Page 1 of 3
Paramount / 2006-2007 / 922 Minutes / Unrated / Street Date: November 23, 2010
Every time a 7th Heaven set comes to my desk, a certain inevitable glee descends upon me. I know I’ll find nothing but fault in it. I know I’ll bemoan the fact that I have to sit through so many hours of a horseshit show. But I’ll be damned if I don’t watch a disc a night for five nights, absolutely blitzkrieging through as much 7th Heaven as I can get my grubby little hands on (seriously - it happens with every new release of the show). Perhaps this is the series' grandest gift to the television world: It proves that TV doesn’t have to be good to be great.
Aaron Spelling, of all people, knew this very well. Whether it was the jiggly crime-play of Charlie’s Angels, the teeny-bop love/sex of Beverly Hills 90210 or the Christian conflicts at the center of marvelous, marvelous 7th Heaven, Spelling and his creative teams had an airtight way of keeping viewers interested even if the material was substandard. Charlie’s Angels’ debut season is a perfect example. I have legitimately tried to convince colleagues that there are three or four episodes from that season that constitute some of the best artistic punch that television has ever aired (both Angels in Chains and that season’s roller-derby installments are grandiose achievements of a massive caliber), but nobody buys it.
And now it's done: 7th Heaven: The Final Season is the last hurrah of the super-cheesy family melodrama, and after succumbing to its histrionic powers over the course of the last few nights (as I have with seasons past), while I didn't get the happy red ribbon tied around my 7th Heaven experience as I may have hoped, at least with this final go-round, I can man up and finally say good-bye.
Unsurprisingly, the show is worse here than it ever has been - we've been dealing with diminishing returns with each new season for a while now. The basic premise of the show doesn't stray from the norm: Eric Camden (Stephen Collins, a long way from searching for V’Ger in Star Trek: The Motion Picture) and his wife Annie (Catherine Hicks, another Star Trek alum) are spiritual, busy, adoring parents with a brood of kids (and now grandkids) running around all over the place - and adventure ensues in every episode. And the tractor beam magic of 7th Heaven guarantees that if you find yourself on the show’s wavelength, you’d better be ready to spend some quality time with your boob tube.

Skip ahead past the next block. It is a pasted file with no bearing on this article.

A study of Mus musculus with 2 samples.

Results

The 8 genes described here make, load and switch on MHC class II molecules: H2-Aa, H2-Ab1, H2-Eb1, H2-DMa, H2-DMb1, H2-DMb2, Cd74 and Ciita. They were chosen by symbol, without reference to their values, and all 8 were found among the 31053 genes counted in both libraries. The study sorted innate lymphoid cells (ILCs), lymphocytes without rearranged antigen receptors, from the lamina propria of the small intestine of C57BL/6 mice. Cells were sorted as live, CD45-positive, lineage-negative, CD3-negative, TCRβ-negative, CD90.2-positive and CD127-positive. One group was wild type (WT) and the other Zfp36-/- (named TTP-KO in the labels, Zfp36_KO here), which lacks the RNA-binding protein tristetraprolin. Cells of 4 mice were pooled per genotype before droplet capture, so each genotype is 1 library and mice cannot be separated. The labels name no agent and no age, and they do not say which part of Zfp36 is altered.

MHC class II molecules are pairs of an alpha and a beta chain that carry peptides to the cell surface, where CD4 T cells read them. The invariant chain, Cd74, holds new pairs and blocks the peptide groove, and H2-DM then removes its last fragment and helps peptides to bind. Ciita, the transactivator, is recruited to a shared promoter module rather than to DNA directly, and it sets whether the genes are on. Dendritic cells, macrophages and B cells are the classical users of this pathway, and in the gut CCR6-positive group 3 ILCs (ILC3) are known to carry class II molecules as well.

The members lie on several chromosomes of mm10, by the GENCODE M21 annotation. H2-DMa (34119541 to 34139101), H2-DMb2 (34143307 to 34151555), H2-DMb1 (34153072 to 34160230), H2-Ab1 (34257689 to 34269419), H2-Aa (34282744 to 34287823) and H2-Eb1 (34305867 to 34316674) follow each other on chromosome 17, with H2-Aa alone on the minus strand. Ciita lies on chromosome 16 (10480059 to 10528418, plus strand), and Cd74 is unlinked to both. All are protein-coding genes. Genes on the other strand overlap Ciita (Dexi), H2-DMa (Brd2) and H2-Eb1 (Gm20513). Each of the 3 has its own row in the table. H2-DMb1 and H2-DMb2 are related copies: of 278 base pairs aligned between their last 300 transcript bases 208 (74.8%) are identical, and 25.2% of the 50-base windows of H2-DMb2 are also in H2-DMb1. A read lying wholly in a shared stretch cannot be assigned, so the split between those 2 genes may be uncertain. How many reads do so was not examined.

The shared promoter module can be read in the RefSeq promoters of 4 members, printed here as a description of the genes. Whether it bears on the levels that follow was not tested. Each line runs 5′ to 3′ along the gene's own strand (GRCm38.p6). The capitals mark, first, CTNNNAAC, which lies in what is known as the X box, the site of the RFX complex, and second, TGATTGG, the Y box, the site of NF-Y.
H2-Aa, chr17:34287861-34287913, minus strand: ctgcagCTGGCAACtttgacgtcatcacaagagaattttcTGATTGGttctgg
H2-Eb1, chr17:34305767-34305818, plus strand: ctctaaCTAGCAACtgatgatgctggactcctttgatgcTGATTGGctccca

And what happens in this season? Eric's heart problems return, bringing an advent of sickness and death to the show's overall feel, and we get drama with the twins (Lorenzo and Nikolas Brinn), as well as the (surprise, surprise) revelation that after knocking up young Ruthie (Mackenzie Rosman), Martin (Tyler Hoechlin) is forced to choose between her (fresh off the boat from her trip to Scotland!) or his latest flame, Sandy (Haylie Duff).
See, the blandness of these timid plot developments makes me almost embarrassed to have such a sweet tooth for 7th Heaven, but even if these are stupid, I suppose the heart wants what it wants. At the end of the day, this series was as redundant, almost pretentious in its cuteness and showcased very little in terms of being dramatically new or inventive. But I know that at least one person reading this review understands that for certain sensibilities, the show - even in these late seasons - was a nearly irresistible force of nature.
Good, bad or ugly - guilty pleasure, thy name is 7th Heaven. R.I.P.